Residents of Pawleys Island have a watchful, dead friend. The Gray Man is known to haunt the coastline near Pawleys Island, revealing himself to onlookers when a major storm is heading to the area.
Not only does he warn people, but he is also known to protect their property from a storm. A woman in 1954 claimed to see the Gray Man ahead of the infamous Hurricane Hazel hitting the area. She said not only was her house spared from the devastation, the beach towels she left on her balcony were still hanging up.
A lost lover
One theory is the Gray Man was a victim of a storm himself. During the Storm of Sep. 27, 1822, which made landfall near Charleston, he was trying to get home to see his family.
He had been abroad for two years and was in a rush to get home as the storm swept into the Lowcountry. He was hurrying back mostly to see his fiance so they could set a wedding day. He decided to take a shortcut home.
Then he drove straight into a pool of quicksand and never made it home.
His fiance was overcome with grief and begin wandering the shore for long hours. As the sun was setting, she saw a shadowy figure. As the shadowy, gray figure approached her, she saw it was her lost lover. Then he disappeared.
Later that evening, she saw him in her dreams and became overcome with sorrow. Her father decided they needed to return to their main home farther inland.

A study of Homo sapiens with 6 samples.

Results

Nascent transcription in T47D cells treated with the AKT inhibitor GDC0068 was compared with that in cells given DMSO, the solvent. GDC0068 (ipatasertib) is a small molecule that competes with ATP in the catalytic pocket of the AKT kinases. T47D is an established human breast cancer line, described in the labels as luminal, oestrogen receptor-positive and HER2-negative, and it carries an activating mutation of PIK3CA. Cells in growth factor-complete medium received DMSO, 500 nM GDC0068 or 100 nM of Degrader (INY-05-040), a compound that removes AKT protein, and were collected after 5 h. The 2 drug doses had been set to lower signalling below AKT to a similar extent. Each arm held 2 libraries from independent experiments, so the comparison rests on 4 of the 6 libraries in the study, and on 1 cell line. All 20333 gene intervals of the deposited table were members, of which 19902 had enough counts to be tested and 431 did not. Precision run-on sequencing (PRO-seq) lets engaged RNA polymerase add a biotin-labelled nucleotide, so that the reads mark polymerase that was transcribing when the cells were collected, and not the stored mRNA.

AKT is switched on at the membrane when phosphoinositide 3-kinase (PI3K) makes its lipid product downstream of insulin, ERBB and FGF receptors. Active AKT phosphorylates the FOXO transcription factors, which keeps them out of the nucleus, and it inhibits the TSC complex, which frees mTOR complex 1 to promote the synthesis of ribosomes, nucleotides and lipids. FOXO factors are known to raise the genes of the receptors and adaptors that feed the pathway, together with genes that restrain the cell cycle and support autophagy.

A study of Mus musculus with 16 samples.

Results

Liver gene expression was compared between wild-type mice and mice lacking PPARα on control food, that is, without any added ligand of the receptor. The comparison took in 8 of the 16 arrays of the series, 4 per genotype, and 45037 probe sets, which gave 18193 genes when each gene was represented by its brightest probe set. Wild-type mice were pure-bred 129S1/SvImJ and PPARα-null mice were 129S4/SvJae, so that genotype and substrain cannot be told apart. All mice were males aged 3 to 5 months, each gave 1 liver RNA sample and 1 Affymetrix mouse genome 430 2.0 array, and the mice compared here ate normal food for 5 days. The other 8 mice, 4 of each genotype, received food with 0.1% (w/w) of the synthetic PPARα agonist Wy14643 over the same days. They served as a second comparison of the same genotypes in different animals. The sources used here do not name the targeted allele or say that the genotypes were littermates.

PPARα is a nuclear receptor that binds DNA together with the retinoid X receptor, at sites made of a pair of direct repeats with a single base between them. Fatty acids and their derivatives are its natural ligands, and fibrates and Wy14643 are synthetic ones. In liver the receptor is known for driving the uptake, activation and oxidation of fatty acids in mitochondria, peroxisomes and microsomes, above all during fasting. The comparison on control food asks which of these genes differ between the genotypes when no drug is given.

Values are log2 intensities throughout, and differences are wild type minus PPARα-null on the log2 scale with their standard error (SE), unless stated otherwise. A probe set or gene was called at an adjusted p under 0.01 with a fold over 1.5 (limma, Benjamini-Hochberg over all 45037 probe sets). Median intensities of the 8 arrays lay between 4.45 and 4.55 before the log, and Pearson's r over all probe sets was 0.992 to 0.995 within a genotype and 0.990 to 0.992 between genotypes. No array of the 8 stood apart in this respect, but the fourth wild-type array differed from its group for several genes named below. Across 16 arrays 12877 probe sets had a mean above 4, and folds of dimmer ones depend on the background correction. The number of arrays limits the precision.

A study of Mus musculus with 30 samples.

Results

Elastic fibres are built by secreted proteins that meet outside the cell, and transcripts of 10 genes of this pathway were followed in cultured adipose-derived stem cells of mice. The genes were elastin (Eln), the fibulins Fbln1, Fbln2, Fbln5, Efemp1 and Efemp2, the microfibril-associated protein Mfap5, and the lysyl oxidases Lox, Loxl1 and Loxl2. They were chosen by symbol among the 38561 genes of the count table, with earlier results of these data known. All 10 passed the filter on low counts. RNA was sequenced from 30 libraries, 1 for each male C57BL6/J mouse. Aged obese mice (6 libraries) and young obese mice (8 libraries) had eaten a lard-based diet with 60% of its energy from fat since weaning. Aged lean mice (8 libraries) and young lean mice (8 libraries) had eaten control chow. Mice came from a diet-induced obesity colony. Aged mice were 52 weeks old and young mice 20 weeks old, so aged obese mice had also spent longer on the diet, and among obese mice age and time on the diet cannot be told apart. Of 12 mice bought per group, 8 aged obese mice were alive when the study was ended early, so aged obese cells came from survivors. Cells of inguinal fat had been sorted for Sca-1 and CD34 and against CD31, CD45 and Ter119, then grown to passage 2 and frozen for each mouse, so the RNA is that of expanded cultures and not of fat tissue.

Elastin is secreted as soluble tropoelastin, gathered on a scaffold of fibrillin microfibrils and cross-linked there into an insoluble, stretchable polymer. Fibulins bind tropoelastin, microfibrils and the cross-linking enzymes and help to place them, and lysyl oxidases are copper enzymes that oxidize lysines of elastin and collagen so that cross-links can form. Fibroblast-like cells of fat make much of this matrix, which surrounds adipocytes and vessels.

The next day a hurricane destroyed the area, leaving many dead. Had her family not fled, they might have died too.
A lover lost
Other theories tell a different story. One still has a man returning from the sea, but this time his fiance decided to marry his best friend instead. He throws himself into the Waccamaw, and then later his fiance and friend do the same.
Other stories say he was an unknown sailor who washed up on shore and died shortly after. Some believe he is the original owner of Pawleys Island, George Pawley, who lived there in the early 1700s.
Regardless, the myth of the Gray Man persists. The Georgetown Museum has a story from 1893 of a family saying the Gray Man saved them from a major storm.
In modern times his weather-predicting powers may not be as useful, but the ghost could still protect your house.
So if you’re on the beach the day before a hurricane and see the Gray Man, you might still want to leave town, but your house could be spared.